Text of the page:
This is a satisfyingly thick book with short chapters allowing one to dip in and out without losing track. The title is rather cool, and I can imagine producing it with a flourish in the staff room to impress colleagues. Sadly though, in my experience most will not be particularly interested. Teachers seem to be most excited by professional discourse that addresses the affective side of education – anything that speaks of making students feel safer, more connected and more loved will create a buzz of interest – and it goes without saying that this will raise student achievement. This predominance of heart over mind ignores more intellectual aspects, such as the applications of cognitive science or educational psychology, which only rarely find their way into consideration, despite their significant effect on student progress and well-being. It is these later features that Paul Kirschner and Carl Henrick address in their book.
How Learning Happens selects 28 key works of research in educational psychology from 1960 to 2013. Each work gets a chapter in which the reader is informed why they should read the article, a description of the research, the implications for teaching practice plus a useful bullet pointed ‘takeaway’ summary at the end. There are nice introductions to Sweller’s cognitive load theory, Geary’s biologically primary and secondary knowledge, Pavio’s dual coding, Rosenshine’s principals of instruction and Black and Wilam’s assessment for learning, along with a range of perhaps less commonly known works such as Rothkopf’s Concept of Mathemagenic Activities (no, not about maths, but activities that promote learning!) and Bandura’s work on self-efficacy. Each chapter is supported by key references with QR codes which provide a convenient way of accessing supporting material. The book is rounded out with a final chapter entitled ‘The Ten Deadly Sins of Education’ which addresses some of the common myths in education such as Ken Robinson’s ‘schools kill creativity.’
For a beginning teacher just starting out or experienced teachers wanting to broaden their knowledge by absorbing some of the science around learning, this is an excellent resource. Not every work discussed in the book appealed to me – a few me struck me more as arguments from imagination in which the researchers had perhaps mapped out an educational thought space without much evidence, but that’s psychology for you – it wasn’t so long ago that major theories in psychology were built on studies where n=5.
A minor quibble for me came in a grey breakout box (p 128) explaining standard deviation and effect size. The authors present effect size (d) as way of comparing the relative impact of different teaching approaches determined through research, much as Hattie does in his rankings of educational interventions link . In fact they make a point of mentioning Hattie’s hinge point of 0.4 as a cut-off below which ‘you could just as well done nothing.’ This is quite erroneous. For one, effect sizes resulting from research into different types of educational interventions cannot be meaningfully combined (as Hattie does in meta meta analyses) or easily compared. Many factors such as the quality of experimental design, sample size and even the age of the students (given spread of academic achievement data tends to increase with age) will affect the effect size (more info here). And teachers need to know this if they are to grapple with the findings of research.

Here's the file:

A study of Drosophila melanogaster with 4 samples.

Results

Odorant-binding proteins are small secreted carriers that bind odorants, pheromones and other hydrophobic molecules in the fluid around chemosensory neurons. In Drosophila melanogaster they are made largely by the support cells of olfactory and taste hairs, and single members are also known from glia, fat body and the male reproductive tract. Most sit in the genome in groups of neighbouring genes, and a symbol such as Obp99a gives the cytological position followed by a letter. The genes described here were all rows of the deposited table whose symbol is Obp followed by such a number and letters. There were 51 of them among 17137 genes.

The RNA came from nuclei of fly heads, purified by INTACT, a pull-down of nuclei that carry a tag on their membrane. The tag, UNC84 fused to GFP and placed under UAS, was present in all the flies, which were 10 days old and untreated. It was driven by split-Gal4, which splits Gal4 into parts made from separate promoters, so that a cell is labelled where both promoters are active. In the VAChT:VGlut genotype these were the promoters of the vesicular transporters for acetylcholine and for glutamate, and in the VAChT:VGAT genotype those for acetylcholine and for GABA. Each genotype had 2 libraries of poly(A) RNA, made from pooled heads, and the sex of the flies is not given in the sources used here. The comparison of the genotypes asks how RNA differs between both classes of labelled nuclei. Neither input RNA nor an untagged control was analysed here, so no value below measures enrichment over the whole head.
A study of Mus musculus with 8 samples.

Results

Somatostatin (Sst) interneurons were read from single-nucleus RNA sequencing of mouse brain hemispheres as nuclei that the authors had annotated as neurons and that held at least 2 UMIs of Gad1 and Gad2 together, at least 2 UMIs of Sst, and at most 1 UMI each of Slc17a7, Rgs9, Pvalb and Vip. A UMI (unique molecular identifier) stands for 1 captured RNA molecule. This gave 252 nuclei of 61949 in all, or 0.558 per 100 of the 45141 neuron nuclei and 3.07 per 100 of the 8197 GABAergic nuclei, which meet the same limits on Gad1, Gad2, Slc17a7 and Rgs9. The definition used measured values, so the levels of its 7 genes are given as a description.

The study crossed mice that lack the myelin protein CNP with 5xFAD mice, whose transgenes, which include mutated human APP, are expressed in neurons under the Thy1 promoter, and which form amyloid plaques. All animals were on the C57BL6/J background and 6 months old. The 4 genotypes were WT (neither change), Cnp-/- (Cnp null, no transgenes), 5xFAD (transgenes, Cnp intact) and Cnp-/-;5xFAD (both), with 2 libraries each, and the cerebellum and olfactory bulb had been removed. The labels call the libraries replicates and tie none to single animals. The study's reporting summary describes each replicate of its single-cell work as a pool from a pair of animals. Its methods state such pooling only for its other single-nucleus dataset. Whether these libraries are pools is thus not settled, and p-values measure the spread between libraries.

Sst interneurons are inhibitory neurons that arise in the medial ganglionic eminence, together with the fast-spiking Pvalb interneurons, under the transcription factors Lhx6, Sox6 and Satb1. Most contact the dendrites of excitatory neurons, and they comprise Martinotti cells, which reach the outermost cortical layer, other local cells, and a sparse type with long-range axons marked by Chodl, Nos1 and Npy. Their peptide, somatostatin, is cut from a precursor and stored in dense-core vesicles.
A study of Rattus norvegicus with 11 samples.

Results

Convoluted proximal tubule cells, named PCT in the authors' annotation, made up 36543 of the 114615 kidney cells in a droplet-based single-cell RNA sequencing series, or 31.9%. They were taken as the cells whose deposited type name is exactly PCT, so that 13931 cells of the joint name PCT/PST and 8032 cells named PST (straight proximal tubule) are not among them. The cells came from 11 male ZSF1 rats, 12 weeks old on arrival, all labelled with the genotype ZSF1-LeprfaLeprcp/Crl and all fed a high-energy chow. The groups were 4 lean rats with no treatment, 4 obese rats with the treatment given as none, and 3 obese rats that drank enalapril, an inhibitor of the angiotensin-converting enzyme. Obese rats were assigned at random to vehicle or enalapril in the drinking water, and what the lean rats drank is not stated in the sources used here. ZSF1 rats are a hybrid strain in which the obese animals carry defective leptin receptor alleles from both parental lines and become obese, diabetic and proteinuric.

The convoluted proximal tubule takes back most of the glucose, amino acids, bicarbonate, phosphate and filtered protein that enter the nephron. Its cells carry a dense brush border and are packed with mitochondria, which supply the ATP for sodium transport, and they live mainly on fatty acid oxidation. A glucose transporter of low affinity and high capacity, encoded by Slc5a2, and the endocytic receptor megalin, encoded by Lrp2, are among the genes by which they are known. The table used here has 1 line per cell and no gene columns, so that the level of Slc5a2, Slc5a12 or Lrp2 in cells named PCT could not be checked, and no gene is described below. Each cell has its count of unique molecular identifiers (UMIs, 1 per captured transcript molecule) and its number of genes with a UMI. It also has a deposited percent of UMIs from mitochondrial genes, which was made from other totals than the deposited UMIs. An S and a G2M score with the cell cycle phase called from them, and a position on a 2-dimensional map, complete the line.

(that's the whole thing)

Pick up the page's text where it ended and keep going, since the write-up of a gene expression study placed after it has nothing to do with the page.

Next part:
While reading the book I excitedly tweeted a few paragraphs and although there were likes and retweets, some interesting cautionary comments were made by Christian Bokhove an Ed Prof at the University of Southampton. The first related to a Danish study (link) referenced in the chapter on direct instruction (p182). The study identified a range of features typical of ‘learner-centered education’ and looked at data on academic achievement and concluded that it had a negative impact, particularly more so on low socio-economic students. To a fan of direct instruction like me this was gold but Christian pointed out the limitations of the study link – a reminder of the dangers of taking studies cited in support of claims at face value.
A second paragraph I tweeted concerned the authors stating ‘motivation leads to learning’ as the 8th of their 10 Deadly Sins Of Education (p302). They observe how often one of the keys to improving outcomes for students is seen as improving their motivation and engagement, and claim that research shows that there is neither a causal nor reciprocal relationship between motivation and learning – it is always the one way – from learning to motivation. This clearly resonated with many on edutwitter, as it did with me. So often we hear arguments along the lines of ‘if only we make it more interesting they will engage and learn better’ or ‘we just have to get the students more motivated.’ The focus is rarely on how can we teach more effectively, give the student a taste of success, and then reap the natural flow of motivation that results. Nevertheless, it was pointed out by Christian and others that Kirschner and Hendrick have taken quite a narrow slice of the research on student motivation to support their point, and that there is a reasonable amount of evidence to support a reciprocal relationship between motivation and learning.
I recommend this book highly, it really is a ‘one shop stop’ for someone wanting to dive into evidence-informed education for the first time and provides many starting points for digging deeper into the science of learning.